Jascity Hutchinson, writer

Written by: Jascity Hutchison

My journey with JUST began when I connected with CEO Steve Wanta through the University of Texas, McCombs School of Business MBA+ program. I was drawn to the organization immediately after my initial conversation with Steve and my research into their mission, the clients they serve and their $1M COVID-19 pledge. My task? To lead JUST’s new market growth strategy that focused on the expansion of their current user base to add Black entrepreneurs.

In the beginning, I immersed myself into the virtual world of learning about JUST operations, culture and clients. One of the first things I remember learning was the exercise of design thinking and its practical application to visualize our thoughts. The team mapped out what we wanted to learn from interviews with Black female entrepreneurs. This was our target audience, so we needed to understand their hopes, dreams, fears, opportunities and constraints. 

The interview process started out rocky for me. The JUST team connected me with their existing Black clients, but I had to source more. I connected with and interviewed the Association for Enterprise Opportunity Tapestry Project’s cohort members. I learned about their organizations’ client demographics, outreach strategies, loan sizes, and approval rates. From their conversations, it became clear that you must look like the community you serve.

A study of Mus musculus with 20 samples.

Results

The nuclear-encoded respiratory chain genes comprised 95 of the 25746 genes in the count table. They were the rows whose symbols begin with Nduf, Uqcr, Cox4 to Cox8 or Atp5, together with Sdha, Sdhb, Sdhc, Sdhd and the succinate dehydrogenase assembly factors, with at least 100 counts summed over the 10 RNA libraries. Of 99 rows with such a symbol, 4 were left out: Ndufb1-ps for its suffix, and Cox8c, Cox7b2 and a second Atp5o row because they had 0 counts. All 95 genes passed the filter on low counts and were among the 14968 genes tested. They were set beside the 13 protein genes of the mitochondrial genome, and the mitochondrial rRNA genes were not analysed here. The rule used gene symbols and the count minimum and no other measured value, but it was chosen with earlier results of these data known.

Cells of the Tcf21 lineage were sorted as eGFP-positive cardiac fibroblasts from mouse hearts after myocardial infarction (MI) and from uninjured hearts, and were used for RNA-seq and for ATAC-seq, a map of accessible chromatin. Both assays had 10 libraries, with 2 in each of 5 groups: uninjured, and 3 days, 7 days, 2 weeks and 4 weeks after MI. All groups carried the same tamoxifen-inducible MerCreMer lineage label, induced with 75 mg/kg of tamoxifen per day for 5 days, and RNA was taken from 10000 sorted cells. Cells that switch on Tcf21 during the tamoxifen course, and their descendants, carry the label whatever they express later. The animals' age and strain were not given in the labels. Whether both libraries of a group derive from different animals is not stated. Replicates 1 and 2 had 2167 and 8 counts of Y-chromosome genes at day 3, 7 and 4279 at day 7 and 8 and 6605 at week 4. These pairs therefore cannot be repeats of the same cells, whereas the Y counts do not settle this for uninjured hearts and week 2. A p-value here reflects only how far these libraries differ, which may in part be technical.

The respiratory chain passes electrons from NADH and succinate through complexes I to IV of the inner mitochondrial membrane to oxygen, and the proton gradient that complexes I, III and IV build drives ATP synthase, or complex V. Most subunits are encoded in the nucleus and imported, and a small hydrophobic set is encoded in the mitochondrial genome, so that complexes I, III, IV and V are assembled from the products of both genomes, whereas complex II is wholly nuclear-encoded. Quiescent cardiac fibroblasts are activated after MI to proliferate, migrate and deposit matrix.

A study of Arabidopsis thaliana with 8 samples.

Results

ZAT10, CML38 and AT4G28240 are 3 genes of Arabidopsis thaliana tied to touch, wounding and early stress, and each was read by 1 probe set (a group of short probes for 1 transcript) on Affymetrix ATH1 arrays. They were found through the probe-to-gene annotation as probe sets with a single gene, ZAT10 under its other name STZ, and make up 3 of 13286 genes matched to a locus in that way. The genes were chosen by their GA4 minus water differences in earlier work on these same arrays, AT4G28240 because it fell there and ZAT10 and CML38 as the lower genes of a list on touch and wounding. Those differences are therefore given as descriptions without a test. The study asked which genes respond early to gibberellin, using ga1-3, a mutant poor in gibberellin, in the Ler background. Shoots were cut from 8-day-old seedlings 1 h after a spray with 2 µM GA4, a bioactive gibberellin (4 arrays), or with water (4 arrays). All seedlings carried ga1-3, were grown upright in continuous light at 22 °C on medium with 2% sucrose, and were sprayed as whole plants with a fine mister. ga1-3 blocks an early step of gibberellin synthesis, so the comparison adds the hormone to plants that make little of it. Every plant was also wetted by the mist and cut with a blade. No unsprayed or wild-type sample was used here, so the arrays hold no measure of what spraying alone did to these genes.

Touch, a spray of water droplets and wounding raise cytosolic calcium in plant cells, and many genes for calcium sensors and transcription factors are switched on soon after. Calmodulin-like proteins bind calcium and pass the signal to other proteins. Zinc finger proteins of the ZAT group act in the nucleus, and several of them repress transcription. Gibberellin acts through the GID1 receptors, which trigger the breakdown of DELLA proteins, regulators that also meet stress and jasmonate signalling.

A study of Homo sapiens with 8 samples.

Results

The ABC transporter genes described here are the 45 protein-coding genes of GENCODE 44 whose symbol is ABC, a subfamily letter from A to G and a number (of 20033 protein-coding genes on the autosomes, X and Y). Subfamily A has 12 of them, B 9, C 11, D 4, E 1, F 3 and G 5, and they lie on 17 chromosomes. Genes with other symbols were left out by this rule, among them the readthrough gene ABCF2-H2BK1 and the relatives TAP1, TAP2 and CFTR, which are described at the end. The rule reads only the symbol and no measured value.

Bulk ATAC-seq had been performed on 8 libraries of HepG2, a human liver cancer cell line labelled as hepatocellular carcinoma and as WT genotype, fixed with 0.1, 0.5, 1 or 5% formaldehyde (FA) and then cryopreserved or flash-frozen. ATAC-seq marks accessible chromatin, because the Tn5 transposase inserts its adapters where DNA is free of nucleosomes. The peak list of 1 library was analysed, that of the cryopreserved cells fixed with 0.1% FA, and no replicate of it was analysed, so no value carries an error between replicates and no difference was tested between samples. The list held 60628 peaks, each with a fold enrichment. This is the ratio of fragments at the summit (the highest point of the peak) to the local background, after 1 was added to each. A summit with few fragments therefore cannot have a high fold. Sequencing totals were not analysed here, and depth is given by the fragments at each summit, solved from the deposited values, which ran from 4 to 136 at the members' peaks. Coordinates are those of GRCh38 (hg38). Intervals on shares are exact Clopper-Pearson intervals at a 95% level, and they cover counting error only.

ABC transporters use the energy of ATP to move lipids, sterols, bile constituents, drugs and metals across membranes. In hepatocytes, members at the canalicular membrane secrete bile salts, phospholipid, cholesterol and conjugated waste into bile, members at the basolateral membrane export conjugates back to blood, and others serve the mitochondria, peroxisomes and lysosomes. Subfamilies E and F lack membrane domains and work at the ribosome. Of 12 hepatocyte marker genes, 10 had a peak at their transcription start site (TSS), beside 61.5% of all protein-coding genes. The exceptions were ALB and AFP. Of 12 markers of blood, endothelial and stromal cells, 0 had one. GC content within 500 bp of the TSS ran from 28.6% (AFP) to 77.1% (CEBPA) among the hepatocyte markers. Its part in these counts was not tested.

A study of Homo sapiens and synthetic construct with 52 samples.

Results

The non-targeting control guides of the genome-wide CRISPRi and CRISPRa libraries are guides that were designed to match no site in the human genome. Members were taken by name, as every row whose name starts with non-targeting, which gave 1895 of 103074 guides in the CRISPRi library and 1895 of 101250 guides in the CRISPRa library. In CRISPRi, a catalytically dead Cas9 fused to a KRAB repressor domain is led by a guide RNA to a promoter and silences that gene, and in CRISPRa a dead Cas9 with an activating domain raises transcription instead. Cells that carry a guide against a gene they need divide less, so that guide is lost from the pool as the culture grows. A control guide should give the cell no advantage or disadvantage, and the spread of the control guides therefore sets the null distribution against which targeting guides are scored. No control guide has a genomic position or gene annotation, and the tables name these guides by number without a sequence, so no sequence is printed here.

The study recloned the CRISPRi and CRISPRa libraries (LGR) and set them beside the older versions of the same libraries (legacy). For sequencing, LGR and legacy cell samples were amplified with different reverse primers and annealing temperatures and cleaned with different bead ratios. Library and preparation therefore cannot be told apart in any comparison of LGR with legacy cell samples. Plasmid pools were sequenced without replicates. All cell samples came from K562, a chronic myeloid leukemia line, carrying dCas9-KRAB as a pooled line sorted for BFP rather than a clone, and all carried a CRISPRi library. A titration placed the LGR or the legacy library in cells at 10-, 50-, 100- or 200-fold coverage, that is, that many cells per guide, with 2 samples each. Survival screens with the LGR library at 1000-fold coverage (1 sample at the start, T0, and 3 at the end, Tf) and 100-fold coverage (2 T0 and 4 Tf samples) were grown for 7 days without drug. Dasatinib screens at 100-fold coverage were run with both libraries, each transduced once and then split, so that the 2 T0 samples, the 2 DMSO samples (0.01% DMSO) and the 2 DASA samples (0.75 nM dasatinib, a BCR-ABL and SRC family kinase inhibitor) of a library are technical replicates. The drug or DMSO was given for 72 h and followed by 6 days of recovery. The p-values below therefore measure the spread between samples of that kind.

I brought this back to JUST, and while it was no surprise to my team, I believe it highlighted the fact that after my contract ended, there would be no Black employees on payroll. We unanimously agreed that our next Community Director must be a Black woman if we really want to serve Black female entrepreneurs.

In the second phase of my contract, I supported JUST’s newly launched Bank Action Committee, a design-thinking program for bank employees to learn about and support JUST. I facilitated discussions among the participants and felt encouraged by their earnest desire to help JUST. While there were times where I was unsure of my impact because I was not on the “front lines” building up these female entrepreneurs, the Bank Action Committee  drove home the important work I was doing. 

In the last phase of my work with JUST, I was tasked with contacting corporations that pledged financial support to Black businesses in the wake  of the George Floyd murder and rallying cry of racial injustice. For every company that responded, there were ten companies that did not. But, as these companies begin to execute on their impact strategies, I believe JUST will benefit from these new initiatives because of their commitment to the Black female entrepreneur community.

My journey was not a straight line, but I believe I grew as a person. I feel humbled by the success stories of other Black women and motivated to raise my hand at every opportunity to lend my skills.


Jascity Hutchinson served JUST as a project consultant and is currently a Special Advisor for the Department of Justice.